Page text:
This post comes to us from Cheryl Lederle of the Library of Congress.
In a court case between the Spanish government and indigenous residents of a small town in Mexico, who do you think would win? The answer to that question was a mystery for centuries until a researcher at the Library of Congress made a chance discovery.
The document behind the question, eight colorful pages called the Huexotzinco Codex, arrived at the Library of Congress as part of a collection donated in the late 1920s. Historians knew that they had been created in 1531 as part of a court case in which the people of Huejotzinco, Mexico (current spelling) sued representatives of the Spanish colonial government, claiming they were paying excessive taxes, but they didn’t know the outcome of the trial.
To learn more about the document and the history behind it, I visited Dr. Everette Larson of the Library of Congress. Dr. Larson carefully pointed out that this sheet, one of eight, documented the materials required to create a banner of the Madonna and Child for a military campaign. He called it the “most important page” because scholars believe it to be among the earliest, and perhaps the very first, image of the Madonna produced by indigenous peoples in the Americas.
The images record both materials required to create particular products, such as feathers to create the banner, and those paid directly, such as turkeys and chia. (Some of us remember chia from commercials on television, but the plant was once used as food.)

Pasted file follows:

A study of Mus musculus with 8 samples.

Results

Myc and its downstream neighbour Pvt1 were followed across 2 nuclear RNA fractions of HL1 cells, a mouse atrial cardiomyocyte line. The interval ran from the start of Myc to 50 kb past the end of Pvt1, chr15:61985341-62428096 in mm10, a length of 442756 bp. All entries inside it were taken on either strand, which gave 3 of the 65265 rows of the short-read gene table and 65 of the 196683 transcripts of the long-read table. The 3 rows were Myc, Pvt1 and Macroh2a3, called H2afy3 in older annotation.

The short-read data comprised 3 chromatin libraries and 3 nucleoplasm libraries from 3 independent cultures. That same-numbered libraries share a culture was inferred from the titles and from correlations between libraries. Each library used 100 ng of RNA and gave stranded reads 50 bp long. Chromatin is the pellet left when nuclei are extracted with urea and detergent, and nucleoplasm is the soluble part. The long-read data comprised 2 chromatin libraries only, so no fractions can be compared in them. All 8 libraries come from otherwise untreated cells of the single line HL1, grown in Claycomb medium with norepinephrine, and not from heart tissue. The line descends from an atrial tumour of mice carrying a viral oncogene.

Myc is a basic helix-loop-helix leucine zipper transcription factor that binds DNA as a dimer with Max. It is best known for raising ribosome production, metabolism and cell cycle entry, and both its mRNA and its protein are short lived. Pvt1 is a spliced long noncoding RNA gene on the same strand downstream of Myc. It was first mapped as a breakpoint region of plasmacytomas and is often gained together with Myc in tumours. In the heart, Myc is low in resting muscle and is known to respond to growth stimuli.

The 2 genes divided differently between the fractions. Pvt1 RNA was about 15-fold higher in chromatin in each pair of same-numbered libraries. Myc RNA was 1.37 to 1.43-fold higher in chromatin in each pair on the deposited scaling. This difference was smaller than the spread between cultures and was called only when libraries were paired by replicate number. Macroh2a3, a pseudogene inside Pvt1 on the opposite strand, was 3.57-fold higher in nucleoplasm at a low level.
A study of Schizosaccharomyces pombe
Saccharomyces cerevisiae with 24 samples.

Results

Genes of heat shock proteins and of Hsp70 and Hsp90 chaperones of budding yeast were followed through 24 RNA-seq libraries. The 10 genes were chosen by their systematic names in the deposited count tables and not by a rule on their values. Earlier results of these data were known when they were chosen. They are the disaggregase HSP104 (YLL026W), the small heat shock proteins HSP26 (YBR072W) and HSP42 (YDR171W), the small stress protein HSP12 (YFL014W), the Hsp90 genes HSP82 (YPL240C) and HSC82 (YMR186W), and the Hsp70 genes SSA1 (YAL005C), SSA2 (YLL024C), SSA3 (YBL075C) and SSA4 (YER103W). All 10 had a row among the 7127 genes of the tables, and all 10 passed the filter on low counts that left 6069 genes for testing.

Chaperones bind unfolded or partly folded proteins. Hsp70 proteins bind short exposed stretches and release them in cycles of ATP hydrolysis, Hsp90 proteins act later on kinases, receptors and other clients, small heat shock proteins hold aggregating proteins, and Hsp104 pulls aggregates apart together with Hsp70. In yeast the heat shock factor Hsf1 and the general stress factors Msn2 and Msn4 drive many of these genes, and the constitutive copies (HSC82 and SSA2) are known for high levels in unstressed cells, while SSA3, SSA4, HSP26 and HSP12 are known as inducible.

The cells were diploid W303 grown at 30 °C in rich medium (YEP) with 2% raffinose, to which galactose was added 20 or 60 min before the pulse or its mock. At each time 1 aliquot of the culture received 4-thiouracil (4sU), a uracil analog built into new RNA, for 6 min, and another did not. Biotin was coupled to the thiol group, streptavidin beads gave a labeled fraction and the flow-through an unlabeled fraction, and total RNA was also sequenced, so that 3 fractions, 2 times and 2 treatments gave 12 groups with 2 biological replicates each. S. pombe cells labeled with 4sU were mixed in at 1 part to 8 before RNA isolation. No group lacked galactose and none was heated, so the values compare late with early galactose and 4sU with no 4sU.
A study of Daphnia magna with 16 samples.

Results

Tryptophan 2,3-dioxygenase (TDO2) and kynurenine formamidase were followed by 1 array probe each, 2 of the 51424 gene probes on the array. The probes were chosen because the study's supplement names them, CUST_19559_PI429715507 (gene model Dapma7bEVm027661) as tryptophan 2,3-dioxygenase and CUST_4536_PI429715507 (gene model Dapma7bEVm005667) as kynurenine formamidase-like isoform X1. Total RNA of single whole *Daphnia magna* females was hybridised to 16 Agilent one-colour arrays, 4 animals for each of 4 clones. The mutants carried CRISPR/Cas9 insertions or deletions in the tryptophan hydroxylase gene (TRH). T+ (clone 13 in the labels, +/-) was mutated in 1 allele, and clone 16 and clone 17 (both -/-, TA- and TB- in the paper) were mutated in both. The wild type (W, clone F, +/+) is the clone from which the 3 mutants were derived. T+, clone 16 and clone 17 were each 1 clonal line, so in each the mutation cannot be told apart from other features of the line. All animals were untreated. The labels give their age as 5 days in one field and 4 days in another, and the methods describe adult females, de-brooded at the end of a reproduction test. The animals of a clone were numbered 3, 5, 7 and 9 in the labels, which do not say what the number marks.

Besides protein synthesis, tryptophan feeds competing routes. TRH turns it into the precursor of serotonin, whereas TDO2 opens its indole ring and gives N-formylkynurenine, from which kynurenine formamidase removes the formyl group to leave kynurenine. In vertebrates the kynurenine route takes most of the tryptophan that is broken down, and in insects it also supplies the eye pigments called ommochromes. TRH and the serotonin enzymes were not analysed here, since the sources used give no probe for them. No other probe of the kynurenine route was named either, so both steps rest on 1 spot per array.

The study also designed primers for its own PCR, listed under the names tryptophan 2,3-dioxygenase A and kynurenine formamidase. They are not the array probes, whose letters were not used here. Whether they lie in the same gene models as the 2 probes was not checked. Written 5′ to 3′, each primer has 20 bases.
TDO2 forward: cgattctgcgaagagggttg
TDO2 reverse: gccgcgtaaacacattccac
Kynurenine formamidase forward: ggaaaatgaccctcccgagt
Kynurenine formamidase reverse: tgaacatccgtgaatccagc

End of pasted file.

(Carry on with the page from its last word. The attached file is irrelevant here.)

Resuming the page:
When I asked for an interpretation of how to read the page, Dr. Larson explained that the system of counting for the natives was based on the number 20 (“ten fingers, ten toes, makes sense right?”) and 20 x 20 =400, and 20 x 400=8,000, so those numbers are represented in the images. A symbol representing each number is attached to a symbol representing the item paid as tax.
Dr. Larson underscored that the document is important because it records the first time an indigenous American group used a Western system of law to address an injustice. They submitted this and other documents as a record of taxes paid. The outcome? They won!
Students can unlock the mysteries of the Huexotzinco Codex and then apply what they learn to their own lives.
They could study a page from the Codex and guess what some of the symbols represent. Then pairs or small groups, working together, could calculate quantities of various materials on one or more pages using the explanation of the Nahua Numbering System. Finally, they could draw their own symbols for objects and numbers and produce a record of something familiar (lunch dishes, shirt colors, cars vs. trucks in the school parking lot).
See the complete Library of Congress lesson plan, The Huexotzinco Codex, for more teaching ideas.
What questions does your class have about this old document?
This post was prepared with assistance from Christina Restrepo and Maritza Gonzalez, who are both currently interns at the Library of Congress.